PREVENTING HARMFUL EFFECTS OF THE SUN


Sunburn, skin cancers, and other sun-related adverse health effects are largely preventable when sun protection is practiced early and consistently. Despite the fact that suntanning and burning increase skin cancer risks, most people do not protect themselves from the sun's damaging rays (CDC, 1998).


Attitudinal barriers to the sun must be addressed and changed before behaviors will change. Attitudinal barriers to sun protection include the beliefs that is necessary to use sunscreens only while at the beach or pool rather than year round, "a suntanned body is a healthy body", and "you can only get a sunburn in the summer". To overcome these barriers, education must begin early so habits can be developed early and consistently.


Children are highly susceptible to harmful UV radiation, since 80 percent of lifetime sun exposure occurs before the age of 18. Just one or two blistering sunburns in childhood may double the risk of developing melanoma. Teaching children about sun safety is the key to reducing the risk of future health problems. Still, it is never too late to start sun protective habits.


The best sun protection is provided when all the sun-safe behaviors are practiced together. Sun protection habits include:
  • Limit sun exposure during the hours when the sun's rays are the strongest, 10am to 4pm. To the extent possible, people should limit their exposure to the sun during these hours and practice all the sun protective behaviors. Your shadow is an indicator of the sun's intensity. If your shadow is shorter than you are, the sun is at its highest intensity. The American Academy of Dermatology has established the Shadow Rule: No Shadow--SEEK SHADE.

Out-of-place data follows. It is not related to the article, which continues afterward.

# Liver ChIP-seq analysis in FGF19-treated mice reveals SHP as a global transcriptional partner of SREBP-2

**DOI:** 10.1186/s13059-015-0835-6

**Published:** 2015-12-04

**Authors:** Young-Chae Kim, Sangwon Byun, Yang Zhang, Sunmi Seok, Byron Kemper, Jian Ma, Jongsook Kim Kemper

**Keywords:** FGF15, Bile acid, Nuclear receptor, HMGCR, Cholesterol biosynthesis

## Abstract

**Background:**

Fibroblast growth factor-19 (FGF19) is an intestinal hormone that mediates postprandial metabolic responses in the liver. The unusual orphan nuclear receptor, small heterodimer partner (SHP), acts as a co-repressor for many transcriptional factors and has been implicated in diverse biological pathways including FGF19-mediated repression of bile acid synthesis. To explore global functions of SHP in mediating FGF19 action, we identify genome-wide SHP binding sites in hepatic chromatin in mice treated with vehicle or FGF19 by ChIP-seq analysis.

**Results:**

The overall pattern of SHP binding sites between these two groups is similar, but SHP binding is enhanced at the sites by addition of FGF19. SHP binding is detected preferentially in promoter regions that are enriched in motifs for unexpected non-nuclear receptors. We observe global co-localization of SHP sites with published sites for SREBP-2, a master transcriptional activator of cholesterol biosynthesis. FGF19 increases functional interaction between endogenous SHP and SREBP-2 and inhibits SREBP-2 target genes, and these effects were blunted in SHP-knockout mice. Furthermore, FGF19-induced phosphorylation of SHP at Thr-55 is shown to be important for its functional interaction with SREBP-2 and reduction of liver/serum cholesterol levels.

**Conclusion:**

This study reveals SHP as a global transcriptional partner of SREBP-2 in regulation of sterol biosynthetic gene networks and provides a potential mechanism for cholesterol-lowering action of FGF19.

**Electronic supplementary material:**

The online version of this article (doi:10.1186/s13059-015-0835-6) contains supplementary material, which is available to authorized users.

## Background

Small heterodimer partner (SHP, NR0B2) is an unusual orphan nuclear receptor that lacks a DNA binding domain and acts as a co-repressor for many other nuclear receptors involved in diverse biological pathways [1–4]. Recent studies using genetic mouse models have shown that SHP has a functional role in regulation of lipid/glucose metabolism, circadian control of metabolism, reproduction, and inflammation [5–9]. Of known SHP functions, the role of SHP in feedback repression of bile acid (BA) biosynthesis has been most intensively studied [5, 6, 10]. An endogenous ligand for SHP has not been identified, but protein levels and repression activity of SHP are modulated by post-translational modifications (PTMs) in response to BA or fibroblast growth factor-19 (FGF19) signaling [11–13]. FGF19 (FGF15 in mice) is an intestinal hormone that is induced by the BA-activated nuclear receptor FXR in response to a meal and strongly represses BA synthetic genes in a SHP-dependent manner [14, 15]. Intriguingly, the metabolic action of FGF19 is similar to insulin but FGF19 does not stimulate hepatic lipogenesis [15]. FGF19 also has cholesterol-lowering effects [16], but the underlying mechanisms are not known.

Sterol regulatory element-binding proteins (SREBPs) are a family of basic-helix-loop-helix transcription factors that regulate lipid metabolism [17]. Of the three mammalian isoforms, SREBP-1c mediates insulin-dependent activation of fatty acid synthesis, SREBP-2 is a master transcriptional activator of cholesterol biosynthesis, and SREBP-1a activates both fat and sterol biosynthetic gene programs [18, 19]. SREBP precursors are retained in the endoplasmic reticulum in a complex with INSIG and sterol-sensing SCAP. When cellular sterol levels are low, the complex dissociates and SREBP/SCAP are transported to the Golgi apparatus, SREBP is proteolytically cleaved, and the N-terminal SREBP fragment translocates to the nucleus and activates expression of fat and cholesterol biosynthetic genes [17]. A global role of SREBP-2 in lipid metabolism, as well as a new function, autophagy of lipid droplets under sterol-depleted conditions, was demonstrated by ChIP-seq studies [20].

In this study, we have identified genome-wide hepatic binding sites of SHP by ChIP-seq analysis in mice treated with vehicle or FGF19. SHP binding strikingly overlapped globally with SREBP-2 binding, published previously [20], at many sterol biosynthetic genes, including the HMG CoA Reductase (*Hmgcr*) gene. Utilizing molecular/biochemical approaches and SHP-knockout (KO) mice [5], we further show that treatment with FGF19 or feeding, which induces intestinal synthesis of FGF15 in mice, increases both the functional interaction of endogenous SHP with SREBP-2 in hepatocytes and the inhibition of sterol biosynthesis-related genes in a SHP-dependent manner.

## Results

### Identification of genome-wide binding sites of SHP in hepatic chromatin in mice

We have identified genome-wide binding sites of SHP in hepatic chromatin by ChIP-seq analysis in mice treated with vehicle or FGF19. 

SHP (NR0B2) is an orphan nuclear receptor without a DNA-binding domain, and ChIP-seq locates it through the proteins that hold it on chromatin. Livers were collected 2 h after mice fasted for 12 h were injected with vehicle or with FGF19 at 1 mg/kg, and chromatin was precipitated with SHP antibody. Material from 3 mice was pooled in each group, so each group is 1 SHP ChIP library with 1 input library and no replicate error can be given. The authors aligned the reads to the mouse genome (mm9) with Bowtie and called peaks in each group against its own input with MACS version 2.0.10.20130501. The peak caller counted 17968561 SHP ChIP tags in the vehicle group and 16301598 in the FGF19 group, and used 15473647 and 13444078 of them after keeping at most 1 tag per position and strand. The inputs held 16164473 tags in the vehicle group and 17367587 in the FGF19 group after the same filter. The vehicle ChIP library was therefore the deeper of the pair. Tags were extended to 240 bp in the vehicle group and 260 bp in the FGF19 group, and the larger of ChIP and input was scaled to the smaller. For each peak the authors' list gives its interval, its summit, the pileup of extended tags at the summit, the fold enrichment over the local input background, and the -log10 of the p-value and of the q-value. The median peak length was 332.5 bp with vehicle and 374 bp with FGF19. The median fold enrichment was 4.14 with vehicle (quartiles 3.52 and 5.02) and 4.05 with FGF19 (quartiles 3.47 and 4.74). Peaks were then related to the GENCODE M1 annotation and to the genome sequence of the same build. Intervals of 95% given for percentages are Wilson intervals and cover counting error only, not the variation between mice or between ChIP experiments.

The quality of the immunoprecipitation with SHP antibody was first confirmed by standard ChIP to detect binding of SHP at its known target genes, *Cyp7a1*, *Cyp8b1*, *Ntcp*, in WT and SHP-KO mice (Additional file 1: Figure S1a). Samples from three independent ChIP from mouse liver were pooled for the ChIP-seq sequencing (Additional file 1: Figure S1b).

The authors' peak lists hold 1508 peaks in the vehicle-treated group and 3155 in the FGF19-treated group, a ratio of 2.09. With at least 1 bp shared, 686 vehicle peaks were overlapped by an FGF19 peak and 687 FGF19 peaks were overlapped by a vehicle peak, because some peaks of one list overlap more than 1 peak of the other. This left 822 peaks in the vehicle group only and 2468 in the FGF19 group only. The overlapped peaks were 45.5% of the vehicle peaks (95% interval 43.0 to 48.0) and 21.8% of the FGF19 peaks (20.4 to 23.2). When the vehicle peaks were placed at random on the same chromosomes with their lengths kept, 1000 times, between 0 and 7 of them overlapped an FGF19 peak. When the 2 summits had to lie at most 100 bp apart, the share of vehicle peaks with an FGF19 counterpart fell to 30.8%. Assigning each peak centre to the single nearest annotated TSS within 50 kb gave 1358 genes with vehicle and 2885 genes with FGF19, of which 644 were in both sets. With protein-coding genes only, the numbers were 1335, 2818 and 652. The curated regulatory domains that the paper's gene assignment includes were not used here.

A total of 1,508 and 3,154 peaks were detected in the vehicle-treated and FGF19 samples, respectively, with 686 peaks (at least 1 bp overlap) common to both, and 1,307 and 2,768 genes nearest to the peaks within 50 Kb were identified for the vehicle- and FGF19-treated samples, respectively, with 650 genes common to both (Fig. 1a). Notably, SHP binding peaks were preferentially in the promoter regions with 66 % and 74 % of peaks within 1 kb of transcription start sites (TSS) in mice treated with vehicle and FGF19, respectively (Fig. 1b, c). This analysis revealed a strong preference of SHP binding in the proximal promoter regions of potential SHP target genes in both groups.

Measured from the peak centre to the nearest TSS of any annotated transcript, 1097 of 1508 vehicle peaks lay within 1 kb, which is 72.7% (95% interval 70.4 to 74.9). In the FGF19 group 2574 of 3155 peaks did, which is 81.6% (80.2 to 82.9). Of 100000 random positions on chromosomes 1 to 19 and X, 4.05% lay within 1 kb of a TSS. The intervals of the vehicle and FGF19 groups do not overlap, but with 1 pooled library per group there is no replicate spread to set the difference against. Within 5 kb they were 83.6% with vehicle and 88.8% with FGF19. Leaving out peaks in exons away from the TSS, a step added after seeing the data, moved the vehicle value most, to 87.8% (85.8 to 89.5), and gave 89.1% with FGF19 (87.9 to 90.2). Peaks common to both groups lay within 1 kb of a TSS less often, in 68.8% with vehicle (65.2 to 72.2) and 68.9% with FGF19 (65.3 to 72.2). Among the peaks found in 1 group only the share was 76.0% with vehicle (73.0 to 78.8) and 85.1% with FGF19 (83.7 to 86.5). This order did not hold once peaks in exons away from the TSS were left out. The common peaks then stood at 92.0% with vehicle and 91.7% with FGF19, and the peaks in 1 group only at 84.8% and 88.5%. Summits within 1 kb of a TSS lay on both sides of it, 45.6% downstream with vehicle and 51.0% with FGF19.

• Refer to the daily UV index when planning outdoor events. The UV index is a daily forecast of the intensity of the sun's UV rays. The Index indicates the risk of overexposure to skin-damaging UV radiation and can be used to help plan outdoor activities to minimize overexposure.
  • Seek shade whenever possible. Shade structures such as trees and umbrellas provide year round protection. Although trees do not offer complete sun protection, they provide about 60 percent blockage from the sun's rays.
  • Wear a wide brimmed hat, sunglasses, and long sleeved, tightly woven clothing. Clothing can physically block out the sun's harmful rays and should be one of the first lines of defense against sun exposure. Sunglasses should block out 100 percent of UVA and UVB radiation to protect the eyes from damage. Hats are the best way to minimize UV radiation exposure to the face, head, ears, and neck.
  • Use broad-spectrum sunscreens whose active ingredients block UVA and UVB rays. The Sun Protective Factor (SPF) should be a minimum of 15. Sunscreens should be used every day, including cloudy days. They should be applied liberally and evenly before going out into the sun and should be applied frequently, especially after swimming.
  • Avoid tanning salons. Artificial UV radiation is just as bad for your skin as sunlight. Most tanning devices use UVA rays which have been shown to go deeper into the skin and contribute to premature wrinkling and skin cancer (AAD, 1994).
  • Limit exposure to the reflective surfaces like snow and water. UV rays can be reflected off of sand, tile, water, snow, and buildings. It is important to practice all the sun protective behaviors.

Source: Permission to reprint granted by the National Safety Council, a membership organization dedicated to protecting life and promoting health.